For decades, mankind has relied on experimental data gathered by traditional research means to conquer disease. Unfortunately, that can take decades or longer to render results. New artificial intelligence (AI) powered bioinformatics, or computational biology, can predict how diseases and symptoms will react to possible treatments and cures in hours, days or weeks instead.
Indeed, AI can identify potential treatments and cures just as it can model how cells will react to them. Further, AI can also predict disease occurrences and reoccurrences, as well as disease evolution and its effect on current treatments and cures.
Bioinformatics, or computational biology, can do all that just using computational models. It can tap into hidden knowledge in experimental data gathered over many years in seemingly unrelated research projects. Or, it can work from simulated data conjured by scientific minds and couched with known factors such as the rules of physics, genetics, epigenetics, and other qualifying circumstances.
Today, artificial intelligence (AI) technology makes all of that work faster, and it’s also capable of using much larger data sets and solving far more complex problems than human minds can.
However, general artificial intelligence like that which is depicted in science fiction movies does not yet exist. Instead, today we are using subsets of AI, namely machine learning (ML) and deep learning (DL).
The easy to understand video below explains how different technologies are blended together to create more innovations in many different industries, even though it all comes from computational biology.
Advanced analytics and automation complete the modern day “smart” toolbox. All of these tools are extremely powerful and are already changing the human experience in myriad ways. But they also present some challenges too.
The video below is a good, easy-to-understand introduction to the different stages of AI and its achievements and challenges.
While machine learning and other AI tools are already making great strides in medicine, more specialized tools are emerging on the scene at a steady pace. One of the latest is scGen, “an AI-powered tool for predicting a cell's behavior in silico. scGen will help map and study cellular response to disease and treatment beyond experimentally available data,” according to the report in Science Daily.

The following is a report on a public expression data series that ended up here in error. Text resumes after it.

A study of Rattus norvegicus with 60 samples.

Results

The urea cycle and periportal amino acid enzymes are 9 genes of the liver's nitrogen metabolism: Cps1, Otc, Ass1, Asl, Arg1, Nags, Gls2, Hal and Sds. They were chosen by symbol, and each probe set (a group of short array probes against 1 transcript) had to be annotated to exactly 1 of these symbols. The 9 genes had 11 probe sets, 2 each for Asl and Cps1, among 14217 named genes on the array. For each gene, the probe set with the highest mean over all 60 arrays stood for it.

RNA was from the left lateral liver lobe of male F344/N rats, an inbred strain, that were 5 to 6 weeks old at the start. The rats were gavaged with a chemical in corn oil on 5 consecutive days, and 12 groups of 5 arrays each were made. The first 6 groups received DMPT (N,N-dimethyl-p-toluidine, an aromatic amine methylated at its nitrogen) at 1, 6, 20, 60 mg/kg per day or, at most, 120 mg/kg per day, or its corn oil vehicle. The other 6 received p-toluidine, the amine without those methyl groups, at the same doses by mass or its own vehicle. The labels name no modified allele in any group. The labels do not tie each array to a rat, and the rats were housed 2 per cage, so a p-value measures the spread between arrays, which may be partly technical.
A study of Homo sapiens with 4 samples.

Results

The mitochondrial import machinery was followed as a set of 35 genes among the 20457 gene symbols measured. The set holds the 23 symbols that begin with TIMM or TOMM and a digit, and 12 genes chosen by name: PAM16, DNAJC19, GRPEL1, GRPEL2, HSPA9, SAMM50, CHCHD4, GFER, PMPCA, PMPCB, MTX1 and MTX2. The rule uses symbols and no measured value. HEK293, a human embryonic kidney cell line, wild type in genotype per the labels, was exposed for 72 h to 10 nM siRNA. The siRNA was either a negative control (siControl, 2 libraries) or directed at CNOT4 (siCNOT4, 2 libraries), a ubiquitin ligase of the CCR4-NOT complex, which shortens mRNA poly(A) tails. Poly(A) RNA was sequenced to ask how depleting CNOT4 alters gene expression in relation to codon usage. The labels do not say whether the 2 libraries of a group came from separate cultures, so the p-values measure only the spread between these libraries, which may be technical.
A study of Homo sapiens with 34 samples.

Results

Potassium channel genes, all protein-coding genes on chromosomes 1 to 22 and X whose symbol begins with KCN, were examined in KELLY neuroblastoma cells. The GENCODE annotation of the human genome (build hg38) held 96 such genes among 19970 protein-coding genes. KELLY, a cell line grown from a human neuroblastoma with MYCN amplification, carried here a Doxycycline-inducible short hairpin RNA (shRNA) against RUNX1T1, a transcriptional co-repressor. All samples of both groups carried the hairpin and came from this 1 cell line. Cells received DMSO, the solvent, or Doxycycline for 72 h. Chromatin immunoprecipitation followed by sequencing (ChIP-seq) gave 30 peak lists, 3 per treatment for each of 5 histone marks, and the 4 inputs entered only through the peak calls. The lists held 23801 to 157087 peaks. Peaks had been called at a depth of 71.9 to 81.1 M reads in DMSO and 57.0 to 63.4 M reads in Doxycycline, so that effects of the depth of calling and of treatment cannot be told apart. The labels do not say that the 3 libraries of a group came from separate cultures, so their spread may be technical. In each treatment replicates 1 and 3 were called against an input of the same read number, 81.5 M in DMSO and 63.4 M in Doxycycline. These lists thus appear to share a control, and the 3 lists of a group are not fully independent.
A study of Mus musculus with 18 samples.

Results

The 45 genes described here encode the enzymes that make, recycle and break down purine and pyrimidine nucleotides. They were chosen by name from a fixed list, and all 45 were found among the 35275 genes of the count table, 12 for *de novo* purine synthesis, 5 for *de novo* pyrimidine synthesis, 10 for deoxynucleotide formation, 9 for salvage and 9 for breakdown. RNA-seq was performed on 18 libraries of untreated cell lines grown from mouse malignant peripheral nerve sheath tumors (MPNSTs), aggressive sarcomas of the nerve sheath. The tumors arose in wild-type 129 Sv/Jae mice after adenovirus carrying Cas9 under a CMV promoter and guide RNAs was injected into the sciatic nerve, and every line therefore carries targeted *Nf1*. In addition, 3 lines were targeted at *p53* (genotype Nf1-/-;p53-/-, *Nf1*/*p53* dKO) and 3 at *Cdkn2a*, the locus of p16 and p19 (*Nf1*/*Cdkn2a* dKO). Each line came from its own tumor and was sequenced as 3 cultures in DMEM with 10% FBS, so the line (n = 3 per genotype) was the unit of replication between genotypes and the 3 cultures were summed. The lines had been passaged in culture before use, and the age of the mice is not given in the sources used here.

The interesting twist in scGen’s development is the discovery that smaller is better, at least in this case. Scientists recently discovered that the large-scale atlases of healthy human organs in the Human Cell Atlas isn’t going to cut it in making disease characterizations and treatments. That’s because there are too many disease possibilities and variations impacting organs to scale the analyses. But that’s not to say that the many aspects of the Human Cell Atlas are not useful. The video below explains how important this reference map, this Atlas, is.
However, by refocusing computations at the cellular level, disease and cell reactions can generally be more readily seen and understood.
"For the first time, we have the opportunity to use data generated in one model system such as mouse and use the data to predict disease or therapy response in human patients," said Mohammad Lotfollahi, PhD student (Helmholtz Zentrum München and Technische Universität München).
One of the central goals of computational biology is “accurately modeling cellular response to perturbations, e.g. disease, compounds, genetic interventions,” say the scGen scientists.
“Although models based on statistical and mechanistic approaches exist, no machine-learning based solution viable for unobserved, high-dimensional phenomena has yet been available. In addition, scGen is the first tool that predicts cellular response out-of-sample. This means that scGen, if trained on data that capture the effect of perturbations for a given system, is able to make reliable predictions for a different system,” the report explains.
Beyond scGen and other modern-day AI tools, work is continuing to create computing approaches that can predict diseases that don’t exist today and thus for which specific data are not available. Inference based on sophisticated simulated data will likely outweigh empirical data in the computations at that point. But the payoffs could be very high, particularly in prevention.
In the short-term things like flu vaccines will improve because the predictions for this year’s reigning strain will be more accurate. But in the long-term, it means that cures or genetic “tweaking” can prevent a predicted new disease from ever getting a hold on humans. That scenario is theoretical at the moment, but few doubt its inevitability.